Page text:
If you're a Factor regular, you know I've had some spirited debates recently with Mary Katharine Ham, John Stossel, and others. They generally view the Internet and social media as wonderful things that make our lives immeasurably better. They say that the machines enable us to look up information in an instant. True, but on the other side there are some cold, hard facts. Very cold and very hard.
The Centers for Behavioral and Preventive Medicine in Rhode Island just did a study of female college freshmen. The findings are beyond disturbing. These young women spend, on average, 12 hours a day engrossed in some form of media – often texting and perusing Facebook. 12 hours! Half a day! Can anyone tell me that's a good thing?
The students apparently weren't using the web to read James Joyce or to solve complex chemical equations. The researchers found some simple correlations: The more social networking, the lower the grades. The more social networking, the more classes skipped and the shoddier the homework assignments.
Why focus on college freshmen? Because today's teens are the first generation to grow up with the ability to be on line all the time, and the lives of younger Americans have changed drastically from back in the day.
It used to be that you'd see kids playing sports in the streets and on the playgrounds. I don't see too much of that anymore. Instead, many kids are playing sports games on the net, where they can experience the thrill of victory without the agony of getting sweaty. They are playing a game, but not the game.
This is personal because growing up on Long Island, sports saved me. In my neighborhood, there were the jocks and the hoods. I had friends in both camps. The hoods hung around the shopping center smoking cigarettes and weed. I found that kind of stuff boring and hit the ball fields.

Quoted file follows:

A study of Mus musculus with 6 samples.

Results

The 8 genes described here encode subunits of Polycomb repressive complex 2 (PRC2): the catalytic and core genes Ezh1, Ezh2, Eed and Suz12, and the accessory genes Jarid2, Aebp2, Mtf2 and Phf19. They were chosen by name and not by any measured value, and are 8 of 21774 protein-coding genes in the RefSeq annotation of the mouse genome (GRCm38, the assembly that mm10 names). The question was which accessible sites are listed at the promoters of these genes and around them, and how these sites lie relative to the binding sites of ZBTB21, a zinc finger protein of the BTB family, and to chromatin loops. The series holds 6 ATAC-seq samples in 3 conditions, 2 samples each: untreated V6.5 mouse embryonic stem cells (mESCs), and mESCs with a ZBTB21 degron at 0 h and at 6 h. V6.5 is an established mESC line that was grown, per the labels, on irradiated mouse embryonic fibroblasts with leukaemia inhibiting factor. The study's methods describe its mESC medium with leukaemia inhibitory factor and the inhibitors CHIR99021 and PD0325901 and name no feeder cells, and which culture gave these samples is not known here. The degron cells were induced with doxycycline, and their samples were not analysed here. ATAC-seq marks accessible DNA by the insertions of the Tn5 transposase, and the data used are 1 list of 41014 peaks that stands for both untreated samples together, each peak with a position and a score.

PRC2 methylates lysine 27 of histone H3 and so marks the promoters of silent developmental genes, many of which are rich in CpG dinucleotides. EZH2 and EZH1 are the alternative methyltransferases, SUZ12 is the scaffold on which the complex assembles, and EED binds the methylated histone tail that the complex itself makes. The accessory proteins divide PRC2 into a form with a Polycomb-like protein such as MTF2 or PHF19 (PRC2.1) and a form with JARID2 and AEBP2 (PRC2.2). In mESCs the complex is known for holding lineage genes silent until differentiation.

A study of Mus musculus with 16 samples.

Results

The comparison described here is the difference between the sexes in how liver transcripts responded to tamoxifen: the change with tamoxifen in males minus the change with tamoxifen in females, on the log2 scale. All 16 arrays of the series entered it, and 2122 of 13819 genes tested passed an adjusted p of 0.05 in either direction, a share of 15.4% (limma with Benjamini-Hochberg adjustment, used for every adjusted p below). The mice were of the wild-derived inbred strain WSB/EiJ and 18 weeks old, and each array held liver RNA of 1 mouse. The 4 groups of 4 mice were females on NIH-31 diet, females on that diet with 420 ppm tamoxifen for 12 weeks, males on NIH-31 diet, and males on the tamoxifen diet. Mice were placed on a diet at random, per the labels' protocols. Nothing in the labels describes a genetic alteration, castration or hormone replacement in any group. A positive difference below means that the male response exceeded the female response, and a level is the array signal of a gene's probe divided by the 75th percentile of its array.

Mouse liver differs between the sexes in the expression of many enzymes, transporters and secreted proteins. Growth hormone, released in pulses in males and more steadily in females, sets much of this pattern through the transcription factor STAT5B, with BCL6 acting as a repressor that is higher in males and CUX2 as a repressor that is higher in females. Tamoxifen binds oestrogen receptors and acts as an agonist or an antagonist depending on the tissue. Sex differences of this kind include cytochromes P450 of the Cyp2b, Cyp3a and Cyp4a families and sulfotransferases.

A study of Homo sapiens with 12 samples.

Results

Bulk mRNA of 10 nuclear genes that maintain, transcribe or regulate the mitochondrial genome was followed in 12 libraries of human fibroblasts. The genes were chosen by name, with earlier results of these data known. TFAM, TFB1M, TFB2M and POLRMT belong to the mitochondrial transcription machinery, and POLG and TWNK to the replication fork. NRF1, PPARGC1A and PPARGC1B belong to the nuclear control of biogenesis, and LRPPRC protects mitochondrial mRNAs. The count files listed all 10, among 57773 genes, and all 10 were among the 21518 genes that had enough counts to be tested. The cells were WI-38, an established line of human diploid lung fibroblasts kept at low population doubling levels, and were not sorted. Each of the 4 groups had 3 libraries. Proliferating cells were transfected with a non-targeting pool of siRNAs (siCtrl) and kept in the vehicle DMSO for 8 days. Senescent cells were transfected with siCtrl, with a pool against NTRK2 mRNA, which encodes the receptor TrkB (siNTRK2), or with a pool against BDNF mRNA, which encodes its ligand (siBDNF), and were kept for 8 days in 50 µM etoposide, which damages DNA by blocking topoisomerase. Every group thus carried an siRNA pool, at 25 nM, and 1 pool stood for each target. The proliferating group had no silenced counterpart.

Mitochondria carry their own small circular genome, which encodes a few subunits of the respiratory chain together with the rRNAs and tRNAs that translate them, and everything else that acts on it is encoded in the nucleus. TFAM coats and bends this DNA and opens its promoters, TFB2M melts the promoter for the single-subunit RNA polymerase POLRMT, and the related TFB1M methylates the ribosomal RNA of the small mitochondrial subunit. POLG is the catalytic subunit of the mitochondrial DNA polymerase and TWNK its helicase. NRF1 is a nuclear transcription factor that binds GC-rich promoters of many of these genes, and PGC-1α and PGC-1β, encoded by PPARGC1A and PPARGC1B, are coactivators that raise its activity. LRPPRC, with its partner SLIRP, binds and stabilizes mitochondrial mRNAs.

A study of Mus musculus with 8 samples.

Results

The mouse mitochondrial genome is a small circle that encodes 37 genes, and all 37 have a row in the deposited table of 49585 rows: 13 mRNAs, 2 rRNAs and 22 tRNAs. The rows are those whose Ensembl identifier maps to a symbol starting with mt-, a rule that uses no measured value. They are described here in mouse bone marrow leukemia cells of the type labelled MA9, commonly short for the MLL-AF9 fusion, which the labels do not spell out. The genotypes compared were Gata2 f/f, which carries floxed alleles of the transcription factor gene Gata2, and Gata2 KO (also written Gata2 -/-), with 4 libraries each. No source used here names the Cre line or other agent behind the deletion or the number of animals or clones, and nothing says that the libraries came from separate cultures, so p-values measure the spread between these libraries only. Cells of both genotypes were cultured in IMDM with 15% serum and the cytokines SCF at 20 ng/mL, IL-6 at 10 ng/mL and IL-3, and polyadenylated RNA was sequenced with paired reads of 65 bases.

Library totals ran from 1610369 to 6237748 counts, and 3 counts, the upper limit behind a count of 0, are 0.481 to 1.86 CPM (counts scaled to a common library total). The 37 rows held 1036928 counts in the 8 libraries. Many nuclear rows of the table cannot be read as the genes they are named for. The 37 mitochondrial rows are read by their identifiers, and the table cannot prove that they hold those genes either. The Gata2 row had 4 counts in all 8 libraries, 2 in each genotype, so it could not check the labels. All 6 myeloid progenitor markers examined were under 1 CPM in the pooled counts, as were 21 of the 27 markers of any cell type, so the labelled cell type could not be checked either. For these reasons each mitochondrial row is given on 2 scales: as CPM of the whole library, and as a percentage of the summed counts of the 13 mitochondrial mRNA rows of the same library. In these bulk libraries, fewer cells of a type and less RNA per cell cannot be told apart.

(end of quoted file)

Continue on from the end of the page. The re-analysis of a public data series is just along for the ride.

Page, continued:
Many of the hoods bottomed out and some even died, while most of the jocks became prosperous. Competition builds discipline and perseverance. Smoking and getting high builds nothing. I was lucky to have made the right choice.
Today's fantasy world of the Internet is like a high-tech narcotic, for boys and girls, men and women. Highly motivated people still venture out to conquer the world, but many folks are retreating into an artificial world that is just a click away.
People often tell me they fear for America, that is has become a place of individual pursuits and selfish short-term desires. They say there is little sense of patriotism or civic responsibility.
That fear is worth thinking about as machines become more and more vital to our lives. Succeeding in the real world requires a lot more skill and determination than just flipping a switch.
When Miller and I were in San Diego last weekend for a Bolder & Fresher show, a man in the audience asked what I consider the greatest danger confronting our nation. I didn't hesitate. It's the apathy that is definitely made worse by the Internet and social media. Don't believe me? Take another look at that study of college freshmen. It's sobering. And it's tragic.